Today's Health Care Price Tools Are a Good First Step

magnifying glass next to price tag

The most difficult thing for employees to understand about their health insurance is how much they have to pay when they go to the doctor’s office. The Summary of Coverage outlines what the deductible, coinsurance and copay amounts are for most services. It indicates that out-of-pocket costs are less if received from an in-network medical professional. It states the maximum amount participants pay out-of-pocket in a plan year.

However, it does not inform employees about the many situations that can arise that increase their out-of-pocket costs. For example, doctors who require an office visit and copay to renew a prescription. Or that even though Dr. X and Dr. Y are both in-network, Dr. X charges more for his service which means greater out-of-pocket costs for patients. It also does not remind employees to use health care price transparency tools before receiving care, but employee benefit pros can.

Health Care Price Transparency Tools

Nearly everyone agrees that consumers cannot take control of their health care buying decisions without basic price data. So insurers, non-profits, and private organizations are creating and enhancing health care price transparency tools to help consumers access this data. In fact, before the recent release of Medicare price data, all major U.S. healthcare insurers provided a price transparency tool to its members. And just last week UnitedHealthcare announced it was making its free health care price app, Health4Me, available to the public. The app contains average local prices of hundreds of medical services.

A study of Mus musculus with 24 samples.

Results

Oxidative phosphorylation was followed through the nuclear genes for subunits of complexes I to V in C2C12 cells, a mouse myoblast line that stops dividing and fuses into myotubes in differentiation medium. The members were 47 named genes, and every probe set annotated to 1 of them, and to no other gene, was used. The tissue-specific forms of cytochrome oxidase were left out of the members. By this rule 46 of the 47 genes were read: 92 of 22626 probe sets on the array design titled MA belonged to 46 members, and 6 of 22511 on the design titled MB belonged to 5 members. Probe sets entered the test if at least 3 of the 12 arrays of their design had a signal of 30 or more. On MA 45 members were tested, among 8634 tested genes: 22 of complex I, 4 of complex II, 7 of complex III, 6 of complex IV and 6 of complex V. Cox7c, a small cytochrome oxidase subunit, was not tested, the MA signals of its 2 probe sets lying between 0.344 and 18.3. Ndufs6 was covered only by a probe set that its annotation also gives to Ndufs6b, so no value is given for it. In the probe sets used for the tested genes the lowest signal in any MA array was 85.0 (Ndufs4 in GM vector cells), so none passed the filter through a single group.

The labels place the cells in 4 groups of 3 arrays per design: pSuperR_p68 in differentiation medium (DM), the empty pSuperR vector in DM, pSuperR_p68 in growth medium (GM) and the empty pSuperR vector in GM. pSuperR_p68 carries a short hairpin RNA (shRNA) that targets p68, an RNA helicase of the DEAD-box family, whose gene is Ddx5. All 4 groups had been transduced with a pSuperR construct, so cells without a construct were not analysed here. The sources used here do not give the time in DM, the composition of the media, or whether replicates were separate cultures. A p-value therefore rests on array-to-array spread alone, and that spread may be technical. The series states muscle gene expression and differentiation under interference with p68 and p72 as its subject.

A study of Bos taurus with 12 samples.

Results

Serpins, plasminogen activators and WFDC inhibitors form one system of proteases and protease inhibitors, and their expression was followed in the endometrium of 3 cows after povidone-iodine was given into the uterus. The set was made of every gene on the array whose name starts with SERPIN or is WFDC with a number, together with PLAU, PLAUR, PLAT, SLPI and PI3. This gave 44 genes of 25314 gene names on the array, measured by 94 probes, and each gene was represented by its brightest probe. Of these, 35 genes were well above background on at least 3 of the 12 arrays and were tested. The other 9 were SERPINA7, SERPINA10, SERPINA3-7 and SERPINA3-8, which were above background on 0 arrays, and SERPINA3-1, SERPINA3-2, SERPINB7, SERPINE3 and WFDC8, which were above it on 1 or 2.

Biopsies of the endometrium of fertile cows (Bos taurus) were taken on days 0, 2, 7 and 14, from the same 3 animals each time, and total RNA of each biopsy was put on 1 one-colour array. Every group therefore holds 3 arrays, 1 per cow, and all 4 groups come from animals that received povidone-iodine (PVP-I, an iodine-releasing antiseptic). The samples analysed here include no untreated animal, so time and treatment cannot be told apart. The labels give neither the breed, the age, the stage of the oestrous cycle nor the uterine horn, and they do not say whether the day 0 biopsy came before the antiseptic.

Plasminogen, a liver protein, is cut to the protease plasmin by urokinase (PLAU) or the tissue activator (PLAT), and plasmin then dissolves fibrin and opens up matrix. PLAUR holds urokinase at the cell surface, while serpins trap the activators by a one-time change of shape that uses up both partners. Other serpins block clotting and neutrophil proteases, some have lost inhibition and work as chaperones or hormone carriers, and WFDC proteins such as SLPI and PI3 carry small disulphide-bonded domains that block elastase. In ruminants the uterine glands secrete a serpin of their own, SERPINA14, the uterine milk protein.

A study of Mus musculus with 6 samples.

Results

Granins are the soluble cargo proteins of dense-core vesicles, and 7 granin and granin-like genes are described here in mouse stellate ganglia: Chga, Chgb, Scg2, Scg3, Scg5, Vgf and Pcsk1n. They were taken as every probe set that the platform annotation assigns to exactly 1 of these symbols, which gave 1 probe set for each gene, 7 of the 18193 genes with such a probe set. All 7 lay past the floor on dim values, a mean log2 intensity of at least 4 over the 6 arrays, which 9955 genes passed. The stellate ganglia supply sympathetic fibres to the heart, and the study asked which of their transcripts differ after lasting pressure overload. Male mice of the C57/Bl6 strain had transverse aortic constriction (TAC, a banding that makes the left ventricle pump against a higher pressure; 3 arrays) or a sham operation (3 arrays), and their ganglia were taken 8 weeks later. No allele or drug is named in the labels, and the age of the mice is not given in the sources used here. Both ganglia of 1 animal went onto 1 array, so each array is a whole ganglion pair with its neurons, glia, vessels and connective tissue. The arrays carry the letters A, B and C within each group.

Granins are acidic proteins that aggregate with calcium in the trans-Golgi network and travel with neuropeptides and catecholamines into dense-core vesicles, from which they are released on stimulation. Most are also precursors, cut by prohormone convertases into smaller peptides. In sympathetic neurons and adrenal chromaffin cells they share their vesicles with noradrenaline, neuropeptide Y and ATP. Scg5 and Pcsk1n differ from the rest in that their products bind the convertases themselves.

More Free Price Transparency Tools)

Challenges of Using Health Care Price Transparency Tools

There are many challenges to using health care price transparency tools. But for employees the biggest challenge is changing the way they interact and communicate with doctors and their staff. People are afraid to engage their medical care provider about costs because they fear the reaction. They do not want to appear ungrateful. They also do not want to appear as if they are questioning the doctor’s recommendations for care. And doctors are aware of this fear and loyalty.

Also, too many doctors think that price transparency is not an important issue and that the problem lies with employees not understanding their plan. This and other stupid attitudes of doctors and their staff make it difficult for employees to talk to them about the costs of procedures. Other challenges to using health care price transparency tools include:
  • Lack of access or training in using these online tools
  • Lack of continuous communication by insurers and employers about the availability of these tools

I see the employee benefit function changing from behind the scenes administration and compliance, to being a true advocate for employees. Employers, that’s you employee benefit pro, should remind employees often about available health care price transparency tools. They should also honestly talk to them about the resistance they may encounter from doctors and encourage them to face it head on by offering support.

When was the last time you discussed health care price transparency tools with your employees? Have you provided them with a list of tools they can access?